WASHINGTON – The memo distributed to House Republicans this week was concise and blunt, listing talking points and marching orders: “Because of Obamacare, I Lost My Insurance.” “Obamacare Increases Health Care Costs.” “The Exchanges May Not Be Secure, Putting Personal Information at Risk.” “Continue Collecting Constituent Stories.”
The document, the product of a series of closed-door strategy sessions that began in mid-October, is part of an increasingly organized Republican attack on the Affordable Care Act, President Obama’s signature legislative initiative. Republican strategists say that over the next several months, they intend to keep Democrats on their heels through a multilayered, sequenced assault.
The idea is to gather stories of people affected by the health care law – through social media, letters from constituents, or meetings during visits back home – and use them to open a line of attack, keep it going until it enters the public discourse and forces a response, then quickly pivot to the next topic.
For a House more used to disarray than methodical game plans, the success so far has been something of a surprise, even to the campaign’s organizers.
“Yeah, there is a method being followed here,” said Rep. Michael C. Burgess, R-Texas, who is involved in the effort, “but, really, these stories are creating themselves.”
First it was the malfunctioning HealthCare.gov website, then millions of insurance policy cancellation notices sent to individuals with plans that did not meet the requirements of the health law. Earlier this week, the House aired allegations that personal data is insecure on the Internet-based insurance exchanges.
At a congressional field hearing set for Friday in Gastonia, N.C., the line of attack will shift to rate shocks allegedly expected to jolt the insurance markets in the next two years. Coming soon: a push to highlight people losing access to their longtime physicians and changes in Medicare Advantage programs for older people.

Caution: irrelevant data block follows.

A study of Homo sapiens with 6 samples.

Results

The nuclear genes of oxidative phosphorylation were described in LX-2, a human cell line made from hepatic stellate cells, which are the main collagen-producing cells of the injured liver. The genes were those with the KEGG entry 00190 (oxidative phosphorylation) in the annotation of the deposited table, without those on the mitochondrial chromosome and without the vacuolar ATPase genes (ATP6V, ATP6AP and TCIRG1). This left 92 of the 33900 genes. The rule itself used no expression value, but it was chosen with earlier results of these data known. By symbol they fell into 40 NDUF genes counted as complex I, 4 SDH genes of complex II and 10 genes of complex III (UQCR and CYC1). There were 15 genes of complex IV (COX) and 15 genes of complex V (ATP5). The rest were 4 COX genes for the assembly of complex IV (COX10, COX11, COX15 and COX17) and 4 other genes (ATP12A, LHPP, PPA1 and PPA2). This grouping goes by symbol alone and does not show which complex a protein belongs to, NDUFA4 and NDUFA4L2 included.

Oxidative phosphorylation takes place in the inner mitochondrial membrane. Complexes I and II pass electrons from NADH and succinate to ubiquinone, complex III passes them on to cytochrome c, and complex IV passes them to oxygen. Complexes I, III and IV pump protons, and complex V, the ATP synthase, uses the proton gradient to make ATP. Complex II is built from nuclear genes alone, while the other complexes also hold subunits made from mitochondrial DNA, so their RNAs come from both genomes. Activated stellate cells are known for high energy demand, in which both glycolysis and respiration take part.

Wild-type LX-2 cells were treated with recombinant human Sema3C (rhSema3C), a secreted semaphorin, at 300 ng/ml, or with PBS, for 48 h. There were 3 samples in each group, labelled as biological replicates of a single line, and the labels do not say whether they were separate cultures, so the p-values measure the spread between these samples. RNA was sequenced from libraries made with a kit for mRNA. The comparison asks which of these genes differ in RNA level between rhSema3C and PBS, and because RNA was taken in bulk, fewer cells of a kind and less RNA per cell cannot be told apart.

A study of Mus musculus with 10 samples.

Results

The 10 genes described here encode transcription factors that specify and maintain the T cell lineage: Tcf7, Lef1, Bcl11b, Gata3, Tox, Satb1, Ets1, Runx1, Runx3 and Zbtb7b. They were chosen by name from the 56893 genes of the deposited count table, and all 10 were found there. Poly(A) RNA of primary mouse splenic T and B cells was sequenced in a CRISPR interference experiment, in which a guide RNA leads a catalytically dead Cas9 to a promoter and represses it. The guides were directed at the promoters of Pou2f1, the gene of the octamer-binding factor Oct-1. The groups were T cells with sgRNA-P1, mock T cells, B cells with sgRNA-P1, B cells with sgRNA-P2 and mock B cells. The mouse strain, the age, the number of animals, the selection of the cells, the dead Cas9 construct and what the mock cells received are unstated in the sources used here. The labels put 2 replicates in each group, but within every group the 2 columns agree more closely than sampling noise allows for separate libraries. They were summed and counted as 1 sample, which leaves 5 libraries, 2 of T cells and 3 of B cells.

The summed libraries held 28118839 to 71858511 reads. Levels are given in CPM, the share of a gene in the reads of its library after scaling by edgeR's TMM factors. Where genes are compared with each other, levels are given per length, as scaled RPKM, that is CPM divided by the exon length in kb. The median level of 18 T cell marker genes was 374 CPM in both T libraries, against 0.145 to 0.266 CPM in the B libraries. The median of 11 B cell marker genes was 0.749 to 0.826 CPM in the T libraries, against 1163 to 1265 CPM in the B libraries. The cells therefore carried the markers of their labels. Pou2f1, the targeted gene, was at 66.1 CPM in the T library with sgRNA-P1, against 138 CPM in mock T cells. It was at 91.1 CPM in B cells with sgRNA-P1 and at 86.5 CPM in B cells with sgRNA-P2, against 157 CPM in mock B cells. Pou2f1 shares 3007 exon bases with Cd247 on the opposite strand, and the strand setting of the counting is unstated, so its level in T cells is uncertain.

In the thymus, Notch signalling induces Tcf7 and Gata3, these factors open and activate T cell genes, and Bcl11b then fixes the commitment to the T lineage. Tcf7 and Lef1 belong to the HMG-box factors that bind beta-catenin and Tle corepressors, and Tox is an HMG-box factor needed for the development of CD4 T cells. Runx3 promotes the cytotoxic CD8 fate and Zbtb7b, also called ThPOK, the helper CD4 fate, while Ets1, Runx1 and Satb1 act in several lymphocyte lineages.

House Majority Leader Eric Cantor, R-Va., and Rep. Cathy McMorris Rodgers of Washington, both members of the Republican leadership, have leaned on all 231 House Republicans. A 17-page “House Republican Playbook” walks members through “messaging tools” like talking points, social media tactics and “digital fliers”; details lines of attack; offers up a sample opinion article for local newspapers; and provides an extensive timeline on the health care law and an exhaustive list of legislative responses that have gone nowhere.
The goal, according to McMorris Rodgers, is to use all the “Republican voices we have in the House, the media markets in all the districts we represent, to take our message all over the country.”
“It penetrates,” she said. “It’s powerful.”
To Democrats, the power of the effort stems from using anecdotes to paint a fundamentally misleading picture.“There’s been so much noise and so much misinformation, and this incredible organized effort to block the notion that everybody should have affordable health care in this country,” Obama said this month, “that I think it’s important for us to step back and take a look at what’s already been accomplished, because a lot of times it doesn’t make news. Controversies make news.”
Democrats have been sharing “Affordable Care Act success stories” of ailing constituents getting health coverage for the first time, people being allowed to keep their adult children on their insurance, or consumers finding markedly cheaper insurance plans on the exchanges.